There’s no denying that young people’s lives have been drastically disrupted by the COVID-19 pandemic. Even though classes have resumed and many students have been able to move forward in their education careers, there have been many missed opportunities and activities over the last few years.
Also, many who managed to secure jobs or internships before the pandemic and were able to maintain them in some form remotely found that their development journeys have been hindered significantly. And those still living at home forced to cope with limited space, increased time with family and lack of social interaction with peers during periods of lockdown or isolation have no doubt felt the strain.
It is not surprising then, though deeply troubling, that a major survey by The Health Foundation as early as April 2020 already found substantially higher levels of anxiety and difficulties in concentrating among young people.
Supporting Youth Mental Health in 2021
A number of studies have shown increased levels of anxiety and depression among young people from as early as April 2020. The causes of this are obvious for anyone with children or young relatives. Lack of certainty around the future, constant changes in lifestyle, disruptions to education and social life, increased time spent around adults who are managing their own stress, lack of peer support and more have all contributed to a concerning reality.
As we continue to make decisions to curb the spread of the virus and get things back to normal, it is often felt by younger people that their voices are less important. And this feeling of being left out of the conversation is also imagined for the future of the country when we rely on the enthusiasm and passion of the young to help initiate important change.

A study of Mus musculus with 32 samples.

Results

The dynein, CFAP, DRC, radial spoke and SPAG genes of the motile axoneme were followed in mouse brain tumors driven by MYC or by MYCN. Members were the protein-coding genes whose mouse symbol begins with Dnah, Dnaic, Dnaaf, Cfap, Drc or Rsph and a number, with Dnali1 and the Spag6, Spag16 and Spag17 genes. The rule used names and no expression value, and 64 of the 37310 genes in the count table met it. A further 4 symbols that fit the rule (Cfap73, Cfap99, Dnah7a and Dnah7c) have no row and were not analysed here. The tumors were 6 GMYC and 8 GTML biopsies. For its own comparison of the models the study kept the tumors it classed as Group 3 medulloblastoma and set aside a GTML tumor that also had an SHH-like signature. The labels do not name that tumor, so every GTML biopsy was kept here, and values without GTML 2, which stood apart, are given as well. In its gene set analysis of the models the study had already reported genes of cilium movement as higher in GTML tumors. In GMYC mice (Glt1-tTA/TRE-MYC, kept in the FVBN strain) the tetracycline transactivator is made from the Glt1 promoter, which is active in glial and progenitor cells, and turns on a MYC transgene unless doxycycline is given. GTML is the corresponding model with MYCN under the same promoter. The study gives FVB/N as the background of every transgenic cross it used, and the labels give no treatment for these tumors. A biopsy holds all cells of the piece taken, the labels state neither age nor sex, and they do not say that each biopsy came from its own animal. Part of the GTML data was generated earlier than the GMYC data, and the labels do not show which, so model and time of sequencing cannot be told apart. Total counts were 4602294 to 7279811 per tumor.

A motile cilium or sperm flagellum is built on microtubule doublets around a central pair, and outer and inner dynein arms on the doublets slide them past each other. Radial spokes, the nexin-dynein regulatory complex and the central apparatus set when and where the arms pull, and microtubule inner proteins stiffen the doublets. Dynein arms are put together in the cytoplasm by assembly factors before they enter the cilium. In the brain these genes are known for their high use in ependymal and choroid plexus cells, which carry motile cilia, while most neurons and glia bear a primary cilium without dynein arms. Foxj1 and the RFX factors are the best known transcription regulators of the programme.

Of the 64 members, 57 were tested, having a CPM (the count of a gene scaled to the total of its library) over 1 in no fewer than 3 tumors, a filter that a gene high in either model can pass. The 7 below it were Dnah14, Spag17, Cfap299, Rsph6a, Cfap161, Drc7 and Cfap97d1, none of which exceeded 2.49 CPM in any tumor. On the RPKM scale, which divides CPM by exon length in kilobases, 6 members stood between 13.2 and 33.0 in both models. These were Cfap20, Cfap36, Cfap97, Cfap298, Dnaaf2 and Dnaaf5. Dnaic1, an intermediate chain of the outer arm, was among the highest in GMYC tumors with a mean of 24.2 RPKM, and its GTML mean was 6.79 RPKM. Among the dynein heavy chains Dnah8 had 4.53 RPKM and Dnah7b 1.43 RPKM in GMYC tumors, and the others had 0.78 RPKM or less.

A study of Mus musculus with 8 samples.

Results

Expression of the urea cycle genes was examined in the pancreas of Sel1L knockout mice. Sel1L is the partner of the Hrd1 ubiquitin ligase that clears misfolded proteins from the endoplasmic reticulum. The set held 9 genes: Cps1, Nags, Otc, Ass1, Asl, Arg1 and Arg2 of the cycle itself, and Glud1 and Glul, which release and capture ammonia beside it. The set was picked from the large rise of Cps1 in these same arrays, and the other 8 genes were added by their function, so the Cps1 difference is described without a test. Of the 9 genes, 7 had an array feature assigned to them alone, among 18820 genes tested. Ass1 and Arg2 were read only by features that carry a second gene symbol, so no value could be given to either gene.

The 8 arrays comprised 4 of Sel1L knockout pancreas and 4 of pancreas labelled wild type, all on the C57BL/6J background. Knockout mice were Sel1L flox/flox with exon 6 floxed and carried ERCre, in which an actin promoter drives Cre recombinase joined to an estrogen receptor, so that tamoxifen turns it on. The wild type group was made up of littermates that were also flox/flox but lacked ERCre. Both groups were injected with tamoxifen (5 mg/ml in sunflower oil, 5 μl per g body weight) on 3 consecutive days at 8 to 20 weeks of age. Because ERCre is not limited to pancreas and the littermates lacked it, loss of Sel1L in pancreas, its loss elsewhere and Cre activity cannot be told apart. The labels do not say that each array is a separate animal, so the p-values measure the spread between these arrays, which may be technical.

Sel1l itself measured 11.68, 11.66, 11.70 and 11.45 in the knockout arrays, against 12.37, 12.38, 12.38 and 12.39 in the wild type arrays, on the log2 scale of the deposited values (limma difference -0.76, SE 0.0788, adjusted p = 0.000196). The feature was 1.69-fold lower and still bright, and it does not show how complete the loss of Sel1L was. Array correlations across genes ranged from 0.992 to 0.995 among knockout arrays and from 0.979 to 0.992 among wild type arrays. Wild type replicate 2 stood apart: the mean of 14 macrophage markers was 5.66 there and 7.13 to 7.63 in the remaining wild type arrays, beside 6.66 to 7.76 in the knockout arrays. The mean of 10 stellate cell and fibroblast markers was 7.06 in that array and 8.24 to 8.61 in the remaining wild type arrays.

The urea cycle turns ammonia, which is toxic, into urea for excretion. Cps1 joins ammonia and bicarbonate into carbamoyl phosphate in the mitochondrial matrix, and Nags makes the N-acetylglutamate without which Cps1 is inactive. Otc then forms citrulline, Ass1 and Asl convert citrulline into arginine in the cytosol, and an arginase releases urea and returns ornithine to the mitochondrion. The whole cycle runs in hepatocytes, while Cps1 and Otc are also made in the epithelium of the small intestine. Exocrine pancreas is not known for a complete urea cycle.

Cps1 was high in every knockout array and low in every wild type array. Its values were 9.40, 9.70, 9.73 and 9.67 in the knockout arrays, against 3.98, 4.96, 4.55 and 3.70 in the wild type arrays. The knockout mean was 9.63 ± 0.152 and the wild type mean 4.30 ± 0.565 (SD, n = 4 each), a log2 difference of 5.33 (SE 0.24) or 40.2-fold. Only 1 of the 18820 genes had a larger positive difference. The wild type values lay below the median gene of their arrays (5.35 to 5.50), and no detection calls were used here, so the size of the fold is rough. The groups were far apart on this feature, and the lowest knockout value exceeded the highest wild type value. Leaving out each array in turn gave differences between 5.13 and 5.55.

Youth Mental Health Day is an important moment to recognise the impact that has been felt by many young people across society and look for ways to rebuild what has been lost and strengthen the resilience of youth communities.
What Can Parents Do?
As an adult, you may feel like there’s only so much you can do to support youth mental health if you don’t have a child yourself. However, you don’t need to be a parent to be aware of the important issues and carry forward an understanding of the challenges that this group faces as a result of the pandemic.
When you visit us to make use of our various treatments such as pilates, massage therapy or Chinese acupuncture in London, we encourage you to share with us how the younger members of your family are doing. We might not be able to offer all our services to youths, but many of the principles promoted through our activities can also be taught to your children, nieces or nephews to help promote healthier minds and overall well being.